Years after receiving a Gilbert Chemistry Set as a young boy, Robert S. Langer is still committed to learning and discovering in chemistry. A member of the National Academy of Sciences, the National Academy of Engineering, the National Academy of Medicine, and the National Academy of Inventors, Langer holds over 1,300 patents, alone or with others, in the fields of biomedical and chemical engineering, biomaterials, and controlled drug delivery.

Langer was born on August 29, 1948 in Albany, New York. A bright student, his family members and high school guidance counselor suggested he pursue a career in engineering. Langer was accepted into Cornell University, where he wasn’t entirely interested in his major, but enjoyed working with students, helping explain difficult concepts as a teaching assistant. His positive experience in this role sparked an interest in teaching.

Langer earned a BS (with distinction) in Chemical Engineering from Cornell University in 1970 and a ScD in Chemical Engineering from the Massachusetts Institute of Technology (MIT) in 1974. Since then, he has continued to conduct research at the Children's Hospital Medical Center in Boston through the Harvard Medical School and at the Massachusetts Institute of Technology, where he has been teaching and doing research since 1977. In the mid-1970s, Langer began his research into polymers, which form the bulk of his discoveries. On the strength of these discoveries, Langer earned the 1998 Lemelson-MIT Prize, after an intensive year long process by the awards program and a jury, independent of MIT, of leading experts from a range of scientific engineering and medical disciples in academia and industry.

As a biomedical engineer whose major focus is biomaterials, Langer specializes in controlled drug delivery and tissue engineering. His discoveries are at the heart of today's multibillion-dollar controlled drug delivery industry, which prolongs life and eases the suffering of millions every year. His innovations have provided a framework for the emerging technology of tissue engineering and have been used in such areas as drug delivery systems, vaccines, tissue repair, diagnostics, innovative waste disposal technologies, and novel therapeutics.

Langer has been an outstanding force in the development of new systems for controlled delivery of pharmaceuticals. Langer's groundbreaking research in polymers dispelled the belief that only some sizes of molecules could be slowly delivered. His discoveries led to the first approaches to the slow release of ionic drugs, peptides, and other large molecules such as proteins and DNA.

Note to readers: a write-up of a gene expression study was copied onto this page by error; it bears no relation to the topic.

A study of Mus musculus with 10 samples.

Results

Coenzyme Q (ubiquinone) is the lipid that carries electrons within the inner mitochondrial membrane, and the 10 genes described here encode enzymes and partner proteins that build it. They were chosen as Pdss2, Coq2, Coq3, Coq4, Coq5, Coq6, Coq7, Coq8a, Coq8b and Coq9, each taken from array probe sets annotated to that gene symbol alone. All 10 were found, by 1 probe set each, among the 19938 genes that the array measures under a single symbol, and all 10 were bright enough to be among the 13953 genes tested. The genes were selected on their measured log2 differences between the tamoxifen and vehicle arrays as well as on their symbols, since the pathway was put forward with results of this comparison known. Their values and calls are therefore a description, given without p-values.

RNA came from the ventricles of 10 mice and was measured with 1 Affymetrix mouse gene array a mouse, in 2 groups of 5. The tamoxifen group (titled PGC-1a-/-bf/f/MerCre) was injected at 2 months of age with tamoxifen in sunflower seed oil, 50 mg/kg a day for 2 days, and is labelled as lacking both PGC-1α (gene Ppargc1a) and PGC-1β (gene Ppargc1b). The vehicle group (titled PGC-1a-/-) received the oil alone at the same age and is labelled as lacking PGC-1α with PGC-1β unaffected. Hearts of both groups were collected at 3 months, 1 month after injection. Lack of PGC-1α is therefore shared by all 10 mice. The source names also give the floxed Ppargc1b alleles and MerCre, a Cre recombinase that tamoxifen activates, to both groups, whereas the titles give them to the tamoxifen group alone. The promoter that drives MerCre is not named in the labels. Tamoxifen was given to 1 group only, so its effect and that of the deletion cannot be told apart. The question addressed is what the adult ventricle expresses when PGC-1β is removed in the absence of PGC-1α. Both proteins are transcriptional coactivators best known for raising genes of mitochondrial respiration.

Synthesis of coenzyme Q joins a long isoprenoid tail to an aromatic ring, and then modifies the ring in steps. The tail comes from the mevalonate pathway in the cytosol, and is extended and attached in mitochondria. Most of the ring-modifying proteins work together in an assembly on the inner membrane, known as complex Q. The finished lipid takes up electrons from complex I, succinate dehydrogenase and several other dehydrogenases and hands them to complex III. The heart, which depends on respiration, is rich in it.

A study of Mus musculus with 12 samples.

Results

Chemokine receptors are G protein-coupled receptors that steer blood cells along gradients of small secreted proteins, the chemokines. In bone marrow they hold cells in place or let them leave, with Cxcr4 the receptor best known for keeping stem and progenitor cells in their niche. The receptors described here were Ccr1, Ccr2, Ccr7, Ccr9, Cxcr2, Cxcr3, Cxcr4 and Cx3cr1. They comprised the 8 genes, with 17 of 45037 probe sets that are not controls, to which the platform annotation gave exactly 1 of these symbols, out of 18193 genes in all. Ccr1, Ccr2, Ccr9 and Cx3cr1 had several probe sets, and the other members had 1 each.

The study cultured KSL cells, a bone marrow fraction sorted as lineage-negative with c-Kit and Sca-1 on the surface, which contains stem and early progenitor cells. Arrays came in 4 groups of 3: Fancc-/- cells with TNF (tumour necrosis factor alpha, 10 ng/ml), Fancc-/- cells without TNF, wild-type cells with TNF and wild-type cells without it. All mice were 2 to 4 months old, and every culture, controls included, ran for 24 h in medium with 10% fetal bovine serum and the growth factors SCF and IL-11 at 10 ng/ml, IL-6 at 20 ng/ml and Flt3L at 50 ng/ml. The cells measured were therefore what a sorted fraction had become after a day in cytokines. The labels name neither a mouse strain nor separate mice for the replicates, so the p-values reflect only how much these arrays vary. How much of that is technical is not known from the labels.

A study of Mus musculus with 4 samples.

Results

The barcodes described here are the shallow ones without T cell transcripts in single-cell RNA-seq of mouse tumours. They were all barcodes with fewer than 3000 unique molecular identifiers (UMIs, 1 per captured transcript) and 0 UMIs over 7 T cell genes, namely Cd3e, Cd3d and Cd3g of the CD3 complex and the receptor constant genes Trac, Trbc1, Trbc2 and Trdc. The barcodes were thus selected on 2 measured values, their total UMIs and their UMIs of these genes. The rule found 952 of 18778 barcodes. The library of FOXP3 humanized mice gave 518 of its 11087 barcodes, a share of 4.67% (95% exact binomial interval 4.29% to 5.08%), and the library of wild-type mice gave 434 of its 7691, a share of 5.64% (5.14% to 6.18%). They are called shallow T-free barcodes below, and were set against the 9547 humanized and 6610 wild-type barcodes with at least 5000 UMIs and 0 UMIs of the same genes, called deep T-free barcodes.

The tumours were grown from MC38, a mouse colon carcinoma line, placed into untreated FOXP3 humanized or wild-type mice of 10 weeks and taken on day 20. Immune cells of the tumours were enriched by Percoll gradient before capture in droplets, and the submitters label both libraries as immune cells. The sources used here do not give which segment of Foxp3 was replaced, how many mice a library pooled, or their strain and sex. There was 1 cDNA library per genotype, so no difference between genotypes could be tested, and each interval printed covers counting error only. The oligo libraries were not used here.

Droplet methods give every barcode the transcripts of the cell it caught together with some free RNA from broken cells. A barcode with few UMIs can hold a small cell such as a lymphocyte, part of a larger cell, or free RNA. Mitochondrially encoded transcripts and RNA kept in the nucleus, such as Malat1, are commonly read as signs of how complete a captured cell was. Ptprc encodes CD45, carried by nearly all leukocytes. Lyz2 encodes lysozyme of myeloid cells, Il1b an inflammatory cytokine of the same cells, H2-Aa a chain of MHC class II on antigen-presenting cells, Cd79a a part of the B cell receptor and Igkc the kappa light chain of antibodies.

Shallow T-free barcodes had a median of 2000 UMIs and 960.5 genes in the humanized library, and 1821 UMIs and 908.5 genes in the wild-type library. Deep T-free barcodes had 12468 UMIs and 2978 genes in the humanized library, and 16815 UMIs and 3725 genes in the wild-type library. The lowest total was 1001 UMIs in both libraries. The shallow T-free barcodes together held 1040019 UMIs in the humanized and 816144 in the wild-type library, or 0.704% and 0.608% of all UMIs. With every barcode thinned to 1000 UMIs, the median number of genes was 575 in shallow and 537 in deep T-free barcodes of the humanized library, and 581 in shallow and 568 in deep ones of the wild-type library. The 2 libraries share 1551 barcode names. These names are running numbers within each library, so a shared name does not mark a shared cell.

His later research led to a number of novel biodegradable polymers that could be used in medicine. One of these resulted in a drug-delivery system for the treatment of brain cancer (developed with Dr. Henry Brem of Johns Hopkins University Medical School). Approved in 1996, it was the first FDA-approved treatment for brain cancer in 20 years and the first polymer-based treatment to deliver chemotherapy directly to the tumor site. This treatment has extended the lives of numerous patients and has greatly reduced the side effects of conventional chemotherapy. A recent study on brain tumor implants based on Langer's drug delivery systems indicate that more than five times as many people are still alive at the end of two years than with other ways of treating brain tumors. Thousands of people have benefited from these treatments.

Langer's numerous breakthroughs have earned him over 220 national and international awards and honors, including the United States National Medal of Science, the United States National Medal of Technology and Innovation, and the Charles Stark Draper Prize. He is a member of numerous professional organizations, including the Controlled Release Society, the Biomedical Engineering Society, the American Institute of Chemical Engineers, the American Chemical Society, and the Science Board of the U.S. Food and Drug Administration, the highest Advisory Board of the FDA. 

Langer remains involved with the Department of Chemical Engineering and is the David H. Koch Institute Professor at MIT. Institute Professor is the highest honor that can be awarded to a faculty member. He has co-founded over 35 companies, but the perhaps the well-known is the American pharmaceutical company, Moderna, which produced a U.S. approved vaccine for COVID-19 in December 2020.

Langer shows no signs of slowing down in his focus on maximizing positive impacts on society through his research. 

You can learn more about Langer in this case study.